By Kari Huus Reporter
msnbc.com
updated 8/28/2006 6:39:43 AM ET 2006-08-28T10:39:43

Maxine Harris, 48, Westwego, La. Married and the owner of an insured house worth approximately $90,000.

In many ways, things are fine for Maxine Harris. Her home escaped the worst of what Katrina had to offer, and she is by nature an optimist in the face of adversity. Her family is back in the house, she and her husband are back at work, and the kids were able to return to their old schools. Still, it's not what she'd describe as back to normal, and it is definitely taking a toll.

For one thing, the damage is actually worse than it seemed when Maxine initially returned home. Her neighborhood suffered damage mainly from wind and rain. At her house, the most obvious damage was holes in the roof and the downed fence.

The battle with mold came later, however. Now there are several rooms that have to be stripped of the sheetrock, down to the studs. She was able to salvage some rugs by cleaning but some carpets were too nasty and had to be thrown out. Appliances aren't functioning right either, and the washer has already been replaced.

Another problem: Anything that gets done has to be done out-of-pocket, because so far, there's no action from the insurance company. The insurance company's silence is infuriating to her after 18 years of paying premiums.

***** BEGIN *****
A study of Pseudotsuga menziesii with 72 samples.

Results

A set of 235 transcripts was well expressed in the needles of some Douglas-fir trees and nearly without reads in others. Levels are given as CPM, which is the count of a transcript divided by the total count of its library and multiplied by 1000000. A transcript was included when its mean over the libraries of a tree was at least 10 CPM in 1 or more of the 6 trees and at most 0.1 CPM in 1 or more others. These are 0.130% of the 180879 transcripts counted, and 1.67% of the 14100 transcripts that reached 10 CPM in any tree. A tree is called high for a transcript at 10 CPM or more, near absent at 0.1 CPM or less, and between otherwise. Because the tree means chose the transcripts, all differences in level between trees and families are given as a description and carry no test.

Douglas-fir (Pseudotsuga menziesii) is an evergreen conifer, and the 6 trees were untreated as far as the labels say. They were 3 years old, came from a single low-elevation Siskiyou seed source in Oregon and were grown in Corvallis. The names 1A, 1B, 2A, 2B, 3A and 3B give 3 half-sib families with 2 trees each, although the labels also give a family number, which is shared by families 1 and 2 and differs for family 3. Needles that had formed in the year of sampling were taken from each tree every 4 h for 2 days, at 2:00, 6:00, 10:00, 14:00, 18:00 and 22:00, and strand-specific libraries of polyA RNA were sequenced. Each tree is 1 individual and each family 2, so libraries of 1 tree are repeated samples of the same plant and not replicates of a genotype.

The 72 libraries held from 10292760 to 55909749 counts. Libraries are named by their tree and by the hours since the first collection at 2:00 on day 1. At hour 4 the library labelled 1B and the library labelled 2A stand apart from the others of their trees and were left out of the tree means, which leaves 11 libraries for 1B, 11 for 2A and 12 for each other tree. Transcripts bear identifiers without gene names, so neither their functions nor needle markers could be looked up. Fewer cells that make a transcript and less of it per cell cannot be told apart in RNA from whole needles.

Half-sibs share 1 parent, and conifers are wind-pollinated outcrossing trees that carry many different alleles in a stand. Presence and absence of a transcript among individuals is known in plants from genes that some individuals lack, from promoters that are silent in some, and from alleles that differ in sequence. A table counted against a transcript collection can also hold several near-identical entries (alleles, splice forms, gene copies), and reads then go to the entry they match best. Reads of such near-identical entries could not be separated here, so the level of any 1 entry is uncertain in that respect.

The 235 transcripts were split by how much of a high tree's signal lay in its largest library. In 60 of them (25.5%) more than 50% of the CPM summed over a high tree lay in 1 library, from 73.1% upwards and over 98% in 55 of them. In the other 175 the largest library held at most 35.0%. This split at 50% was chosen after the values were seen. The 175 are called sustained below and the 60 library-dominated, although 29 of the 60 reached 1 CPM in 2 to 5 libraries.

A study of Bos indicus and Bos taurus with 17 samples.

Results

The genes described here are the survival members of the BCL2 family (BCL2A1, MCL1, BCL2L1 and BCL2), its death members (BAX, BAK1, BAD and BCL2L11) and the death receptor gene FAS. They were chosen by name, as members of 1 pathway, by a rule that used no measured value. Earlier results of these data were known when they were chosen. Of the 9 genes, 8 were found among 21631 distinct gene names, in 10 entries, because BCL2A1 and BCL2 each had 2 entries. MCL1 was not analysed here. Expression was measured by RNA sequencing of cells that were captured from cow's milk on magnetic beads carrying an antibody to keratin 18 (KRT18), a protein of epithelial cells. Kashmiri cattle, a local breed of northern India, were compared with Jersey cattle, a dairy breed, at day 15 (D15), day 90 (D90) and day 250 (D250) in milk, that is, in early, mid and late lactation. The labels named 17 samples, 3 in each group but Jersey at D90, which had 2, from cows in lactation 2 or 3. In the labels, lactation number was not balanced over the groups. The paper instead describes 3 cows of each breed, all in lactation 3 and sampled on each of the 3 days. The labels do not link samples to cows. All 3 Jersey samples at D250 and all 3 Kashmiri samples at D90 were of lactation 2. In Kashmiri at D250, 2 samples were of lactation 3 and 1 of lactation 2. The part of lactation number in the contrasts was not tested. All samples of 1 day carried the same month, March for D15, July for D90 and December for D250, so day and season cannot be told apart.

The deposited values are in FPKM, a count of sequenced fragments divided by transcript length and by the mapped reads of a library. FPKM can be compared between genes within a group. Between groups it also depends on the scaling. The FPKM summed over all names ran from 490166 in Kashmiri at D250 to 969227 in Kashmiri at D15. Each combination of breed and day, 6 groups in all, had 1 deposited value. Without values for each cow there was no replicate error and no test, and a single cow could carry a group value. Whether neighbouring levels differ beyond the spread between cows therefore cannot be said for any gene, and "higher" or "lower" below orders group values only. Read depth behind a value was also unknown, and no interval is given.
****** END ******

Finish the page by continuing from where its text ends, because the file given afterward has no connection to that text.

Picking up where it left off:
"It’s like a fairy tale," says Harris. "They come in and take all your information. Then they say they’ll contact you. Then you never hear anything."

In her neighborhood, she says, she's in good company.

"Insurance companies aren’t coming through for anybody. The hurricane came and took everybody’s roof. It’s a roof thing around here. This is unbelievable."

'I clean, I clean, I clean'
Maxine and her husband are getting by on less income than they were used to, too. As a home-health-care worker, she has only one client right now. Several other elderly people she was taking care of have not returned to the area since Katrina.

So Harris has paid for some of the work, but she can't afford to repair the roof or replace the sheetrock, so those projects are on hold, awaiting insurance money. Meantime, she does a lot of scrubbing to keep the mold at bay, and hopes that it doesn't harm anyone's health.

"I clean, I clean, I clean," she says.

And, while Harris is pressing to get her family back on track, the neighborhood where she has lived for years lags behind. She estimates that half of her neighbors have not returned. Many old friends are absent.

Ironically, though, the stores and gas stations are packed. There are lines and traffic everywhere, she says. "Really it’s stressful. When you do go out to shop, it’s a headache."

She says she's disappointed, but as always, she's not willing to let it get to her too much. "I guess we just have to roll with the punches," she says.